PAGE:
Minneapolis, Minn., Oct 31, 2016 / 02:02 pm (CNA/EWTN News).- When Bishop Andrew Cozzens was recently filling up his gas tank, a stranger approached him and said, “Father, I hope you are praying for this country!” “His sentiment captured what many of us feel about our country, especially regarding the upcoming election.

For conscientious Christians, many of us find our nation in a state of crisis,” Bishop Cozzens of Saint Paul and Minneapolis, Minnesota said in an Oct. 27 column for Catholic Spirit. “But fear and discouragement ultimately are not real options for us as Christians,” he said, urging his community to trust in the ultimate power of God.

The Minnesota bishop shared his struggles with the upcoming Nov. 8 election, saying that “I find myself in a moral quandary greater than I ever have before.” But Bishop Cozzens is not alone in this sentiment — many other Catholic bishops have spoken out in this election, including Archbishop Charles Chaput of Philadelphia, who called both major party candidates “problematic.”

Bishop Cozzens laid out his top priorities for a presidential candidate, saying that he wanted to vote for a leader who respected life in all stages, who would protect religious freedom, who would respect immigrants, and ultimately, who could be considered trustworthy.

“Though I do not expect elected officials to agree with me on every issue, I should at least be able to expect that they have the character to serve in the best interest of our nation’s people,” Bishop Cozzens said. “Unfortunately, I do not believe either of the two major candidates for president can be trusted to do so.”

Despite a challenging election year, Bishop Cozzen encouraged voters and Catholics to not despair, but remain in the call to be “people of hope,” grounded in the faith that Christ Jesus has “the greatest power in the universe.” “History has taught us that even when society goes astray from that love, Jesus Christ and his Church always remain.”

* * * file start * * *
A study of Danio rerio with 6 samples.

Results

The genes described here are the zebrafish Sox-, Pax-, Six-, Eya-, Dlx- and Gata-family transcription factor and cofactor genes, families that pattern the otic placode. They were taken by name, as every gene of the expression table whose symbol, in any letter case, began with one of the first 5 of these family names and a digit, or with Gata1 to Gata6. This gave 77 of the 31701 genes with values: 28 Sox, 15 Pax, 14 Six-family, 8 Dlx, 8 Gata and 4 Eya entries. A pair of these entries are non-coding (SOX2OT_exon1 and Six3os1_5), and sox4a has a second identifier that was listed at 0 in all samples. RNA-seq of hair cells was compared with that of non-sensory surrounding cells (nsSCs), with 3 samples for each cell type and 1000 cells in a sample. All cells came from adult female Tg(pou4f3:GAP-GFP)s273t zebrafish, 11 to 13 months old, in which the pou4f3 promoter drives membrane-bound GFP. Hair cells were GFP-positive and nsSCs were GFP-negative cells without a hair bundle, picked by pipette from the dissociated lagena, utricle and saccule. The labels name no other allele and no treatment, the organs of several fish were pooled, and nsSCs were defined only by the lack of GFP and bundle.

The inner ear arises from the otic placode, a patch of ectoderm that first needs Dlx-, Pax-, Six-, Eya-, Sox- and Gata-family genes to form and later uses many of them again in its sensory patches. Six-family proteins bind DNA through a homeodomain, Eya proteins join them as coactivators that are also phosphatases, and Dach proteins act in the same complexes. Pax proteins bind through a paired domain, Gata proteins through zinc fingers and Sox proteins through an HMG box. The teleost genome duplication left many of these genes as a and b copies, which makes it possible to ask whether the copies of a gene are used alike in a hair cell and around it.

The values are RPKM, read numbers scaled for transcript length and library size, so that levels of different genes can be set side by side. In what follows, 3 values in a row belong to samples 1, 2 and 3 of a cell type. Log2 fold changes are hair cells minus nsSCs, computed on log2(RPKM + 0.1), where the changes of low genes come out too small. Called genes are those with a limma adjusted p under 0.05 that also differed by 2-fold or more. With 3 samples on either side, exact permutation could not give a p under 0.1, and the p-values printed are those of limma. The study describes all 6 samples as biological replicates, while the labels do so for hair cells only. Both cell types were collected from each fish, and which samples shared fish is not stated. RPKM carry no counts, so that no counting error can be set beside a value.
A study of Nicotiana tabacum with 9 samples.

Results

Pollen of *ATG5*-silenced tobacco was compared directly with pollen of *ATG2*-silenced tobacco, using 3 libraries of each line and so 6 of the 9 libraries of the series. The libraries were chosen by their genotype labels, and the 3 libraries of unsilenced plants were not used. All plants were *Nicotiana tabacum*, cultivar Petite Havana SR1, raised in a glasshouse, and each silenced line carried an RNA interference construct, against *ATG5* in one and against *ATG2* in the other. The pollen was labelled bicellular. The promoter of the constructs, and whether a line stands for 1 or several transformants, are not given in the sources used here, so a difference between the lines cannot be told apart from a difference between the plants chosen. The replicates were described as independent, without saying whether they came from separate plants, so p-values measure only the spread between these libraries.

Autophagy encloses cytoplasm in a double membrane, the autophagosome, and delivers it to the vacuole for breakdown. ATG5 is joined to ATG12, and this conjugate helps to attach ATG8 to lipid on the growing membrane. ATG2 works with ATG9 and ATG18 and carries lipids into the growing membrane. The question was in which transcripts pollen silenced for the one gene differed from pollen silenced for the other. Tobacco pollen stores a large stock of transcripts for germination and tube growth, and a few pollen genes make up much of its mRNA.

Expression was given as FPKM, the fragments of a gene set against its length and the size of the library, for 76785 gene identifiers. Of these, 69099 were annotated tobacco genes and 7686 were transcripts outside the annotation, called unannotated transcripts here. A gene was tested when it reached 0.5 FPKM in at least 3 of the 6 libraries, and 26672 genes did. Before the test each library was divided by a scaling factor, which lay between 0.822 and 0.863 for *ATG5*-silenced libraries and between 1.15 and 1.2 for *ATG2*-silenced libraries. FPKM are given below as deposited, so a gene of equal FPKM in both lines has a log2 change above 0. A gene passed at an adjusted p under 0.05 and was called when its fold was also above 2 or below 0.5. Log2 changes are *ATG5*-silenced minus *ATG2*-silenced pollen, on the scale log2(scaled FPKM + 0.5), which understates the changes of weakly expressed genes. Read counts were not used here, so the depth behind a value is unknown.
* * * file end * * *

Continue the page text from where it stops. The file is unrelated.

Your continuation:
Bishop Cozzens pointed to voting guidelines published by the Minnesota Catholic Conference for discerning Catholics who are looking to both the Catholic Church and their own consciences to lead them in the election. For the Minnesota bishop, voting could come down to the disappointing decision of choosing between the lesser of evils, which he said includes casting a vote for a third-party candidate or even refraining from the presidential vote, which he called “a legitimate way to exercise one’s vote.”

Bishop Cozzens encouraged Catholics in the moral obligation to vote, urging them especially to keep Catholic values at the forefront in local elections. “Please don’t let your discouragement about the presidential race prevent you from voting in the many other important local elections. Much good can still be done right here in Minnesota to promote life, liberty and the common good by electing legislators who share our values.”

Moving forward, Bishop Cozzens encouraged an attitude of trust and hope, urging everyone to pray for the United States of America, particularly through a pre-election novena. “Given where our country is today, I fully expect that more suffering will come to those who seek to sincerely practice their Catholic faith,” the Minnesota bishop said. “But this suffering has always been part of the life of the Church. And we know that, united with Christ’s death on the cross, the sufferings we endure as part of the body of Christ can bear great fruit.”